Great Lake Trail Information

Winding around the north-western corner of New Zealand’s largest lake, this intermediate, all-seasons trail features lush forest and wetlands, waterfalls, beaches, a volcanic gorge and ever-changing views from elevated lookouts.

This trail threads around the edge of Lake Taupō – the massive crater formed through one of the biggest volcanic eruptions in history. It’s a landscape of spectacular gorges and waterfalls, lush native forest and strange rock gardens. Headlands and outcrops afford amazing views over the lake and Tongariro National Park’s volcanoes, while beautiful bays offer picture-perfect picnics and swimming.

The trail is divided into four sections, all easily accessible from the pretty lakeside settlement of Kinloch, a short drive from Taupō. 

Ride all four over two or three days or pick individual rides according to your fitness, experience and available time. Shuttles and our water taxi can help you piece it together.

Note : Be careful not to confuse the Waihaha Hut Track with the Waihaha section of the Great Lake Trail. The two different trails are signposted.

Make sure you pre-arrange for all your bike shuttles and logistics beforehand for a hassle-free experience. 


For current trail status and any alerts – such as temporary track closures and detours – check the trail website or Facebook page.


Overall, the Great Lake Trail is smooth, free-draining and flowing, but moderate hill climbs, high cliffs, loose rocks and mud in some places make it most suitable for people with some mountain biking experience. Fit children over 12 should manage just fine. The trails are shared so riders should keep an eye out for walkers, especially on sections close to Kinloch.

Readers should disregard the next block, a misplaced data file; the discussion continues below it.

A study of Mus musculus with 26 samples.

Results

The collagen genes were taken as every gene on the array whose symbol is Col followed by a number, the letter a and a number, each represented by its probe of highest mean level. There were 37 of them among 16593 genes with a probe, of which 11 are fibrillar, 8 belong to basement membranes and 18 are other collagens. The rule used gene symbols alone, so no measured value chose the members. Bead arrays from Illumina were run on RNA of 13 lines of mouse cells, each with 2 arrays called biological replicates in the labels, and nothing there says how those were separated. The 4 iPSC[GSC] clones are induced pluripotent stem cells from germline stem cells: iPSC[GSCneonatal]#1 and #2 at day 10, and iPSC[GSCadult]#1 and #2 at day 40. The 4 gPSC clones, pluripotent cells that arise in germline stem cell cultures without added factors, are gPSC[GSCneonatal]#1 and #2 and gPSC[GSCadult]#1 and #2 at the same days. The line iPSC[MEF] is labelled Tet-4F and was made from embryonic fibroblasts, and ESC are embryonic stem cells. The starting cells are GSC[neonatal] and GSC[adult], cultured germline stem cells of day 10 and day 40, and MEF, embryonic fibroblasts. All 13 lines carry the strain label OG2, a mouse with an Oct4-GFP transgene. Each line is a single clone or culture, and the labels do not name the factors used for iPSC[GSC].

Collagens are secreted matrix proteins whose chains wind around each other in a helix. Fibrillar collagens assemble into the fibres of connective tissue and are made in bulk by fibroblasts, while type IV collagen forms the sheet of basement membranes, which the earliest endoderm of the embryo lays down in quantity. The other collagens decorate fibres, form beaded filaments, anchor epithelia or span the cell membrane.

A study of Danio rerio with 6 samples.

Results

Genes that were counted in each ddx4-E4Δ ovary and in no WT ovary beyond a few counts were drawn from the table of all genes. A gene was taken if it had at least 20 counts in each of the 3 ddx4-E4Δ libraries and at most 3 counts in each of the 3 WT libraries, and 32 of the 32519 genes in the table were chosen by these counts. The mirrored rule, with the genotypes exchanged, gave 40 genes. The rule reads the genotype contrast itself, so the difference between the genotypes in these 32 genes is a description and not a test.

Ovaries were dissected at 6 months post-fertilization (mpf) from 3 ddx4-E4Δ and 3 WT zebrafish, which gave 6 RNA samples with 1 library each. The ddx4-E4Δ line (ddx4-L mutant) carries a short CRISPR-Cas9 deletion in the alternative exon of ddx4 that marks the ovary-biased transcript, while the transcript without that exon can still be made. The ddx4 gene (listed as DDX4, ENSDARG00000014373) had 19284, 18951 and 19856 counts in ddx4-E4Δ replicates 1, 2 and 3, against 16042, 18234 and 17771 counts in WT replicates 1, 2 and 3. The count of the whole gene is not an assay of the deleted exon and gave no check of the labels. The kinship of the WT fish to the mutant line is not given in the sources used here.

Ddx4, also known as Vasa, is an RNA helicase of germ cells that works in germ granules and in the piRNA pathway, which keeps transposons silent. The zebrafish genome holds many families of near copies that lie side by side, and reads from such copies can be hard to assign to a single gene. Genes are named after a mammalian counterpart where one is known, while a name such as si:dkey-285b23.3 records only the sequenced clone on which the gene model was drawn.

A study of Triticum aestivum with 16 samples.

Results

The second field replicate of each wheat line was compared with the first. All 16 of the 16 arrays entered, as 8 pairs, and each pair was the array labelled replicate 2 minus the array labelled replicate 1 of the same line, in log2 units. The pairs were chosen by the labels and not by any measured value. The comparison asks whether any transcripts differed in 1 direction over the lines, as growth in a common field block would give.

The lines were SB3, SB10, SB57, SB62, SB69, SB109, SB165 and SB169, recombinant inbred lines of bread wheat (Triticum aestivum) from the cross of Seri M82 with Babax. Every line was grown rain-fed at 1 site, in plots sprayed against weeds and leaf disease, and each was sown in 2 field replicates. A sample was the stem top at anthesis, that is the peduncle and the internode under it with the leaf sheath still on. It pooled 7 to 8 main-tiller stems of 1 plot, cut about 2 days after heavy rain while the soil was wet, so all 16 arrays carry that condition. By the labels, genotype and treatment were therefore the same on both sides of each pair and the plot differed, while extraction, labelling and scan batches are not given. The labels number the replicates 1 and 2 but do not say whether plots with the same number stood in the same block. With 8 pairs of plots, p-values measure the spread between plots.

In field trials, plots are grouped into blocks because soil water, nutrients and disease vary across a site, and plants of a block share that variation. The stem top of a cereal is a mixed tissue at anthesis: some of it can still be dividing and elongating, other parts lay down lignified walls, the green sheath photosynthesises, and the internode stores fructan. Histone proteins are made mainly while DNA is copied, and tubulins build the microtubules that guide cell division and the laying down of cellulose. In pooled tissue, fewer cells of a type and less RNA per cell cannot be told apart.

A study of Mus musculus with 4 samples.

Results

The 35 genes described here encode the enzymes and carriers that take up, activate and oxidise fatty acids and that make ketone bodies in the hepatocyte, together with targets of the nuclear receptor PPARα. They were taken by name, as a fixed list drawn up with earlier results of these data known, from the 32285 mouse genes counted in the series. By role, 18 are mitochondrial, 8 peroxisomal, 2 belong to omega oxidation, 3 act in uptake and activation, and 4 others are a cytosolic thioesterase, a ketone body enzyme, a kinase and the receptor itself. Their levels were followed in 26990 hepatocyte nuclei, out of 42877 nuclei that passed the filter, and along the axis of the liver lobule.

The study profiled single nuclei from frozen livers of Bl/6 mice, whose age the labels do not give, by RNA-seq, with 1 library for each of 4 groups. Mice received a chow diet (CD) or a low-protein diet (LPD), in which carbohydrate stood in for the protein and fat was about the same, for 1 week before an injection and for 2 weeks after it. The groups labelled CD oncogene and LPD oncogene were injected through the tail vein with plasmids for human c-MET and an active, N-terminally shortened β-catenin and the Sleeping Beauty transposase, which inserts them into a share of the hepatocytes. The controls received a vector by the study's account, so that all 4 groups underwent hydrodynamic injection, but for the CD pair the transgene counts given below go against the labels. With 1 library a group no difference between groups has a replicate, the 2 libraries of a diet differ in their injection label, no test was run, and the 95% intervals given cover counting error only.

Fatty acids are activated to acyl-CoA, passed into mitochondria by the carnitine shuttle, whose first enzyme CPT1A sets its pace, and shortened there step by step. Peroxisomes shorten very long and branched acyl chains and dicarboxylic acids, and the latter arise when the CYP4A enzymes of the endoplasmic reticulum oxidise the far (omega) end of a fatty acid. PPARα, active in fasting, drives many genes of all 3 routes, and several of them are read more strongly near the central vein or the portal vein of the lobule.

A ship-shape mountain bike is recommended. E-bikes are also welcomed.


There are giant maps and information boards at the start and end of each section, all of which have good on-track signage. Carrying a trail map, however, will enhance the experience by pinpointing landmarks and assist with timings for transport pick-ups, etc. 

Link to the trail map

Alternatively, the map can be purchased from local bike shops and the Kinloch dairy. 


The lake’s surroundings and nearby mountains are subject to a wide variety and often quickly changing weather conditions, so be sure to check the forecast in advance and pack clothing for all possibilities. The trail serves up terrific riding all year round, thanks to free-draining pumice soils. Winter can be particularly stunning when the air is crystal clear and Tongariro’s volcanoes are blanketed in snow. 


The trail’s remoteness and non-continuous nature mean that a shuttle and/or water taxi will likely be required. Riders with their own transport are best to park in Kinloch and organise shuttles to pick them up from there. The Waihaha section requires a boat transfer at the Waihora Bay end to link up with the Kawakawa section or to take riders back to Kinloch. All shuttles and boat transfers need to be pre-booked.


Other than Kinloch where there are a couple of places to get food supplies and meals (it will pay to check ahead for seasonal opening hours), there’s no food and drink along the Great Lake Trail. Riders should therefore be entirely self-sufficient and carry plenty of water and more than enough to eat. 


There is good coverage close to Kinloch on the W2K and Headland Loop; it gets patchy beyond that.


There are toilets dotted in convenient places along all trails.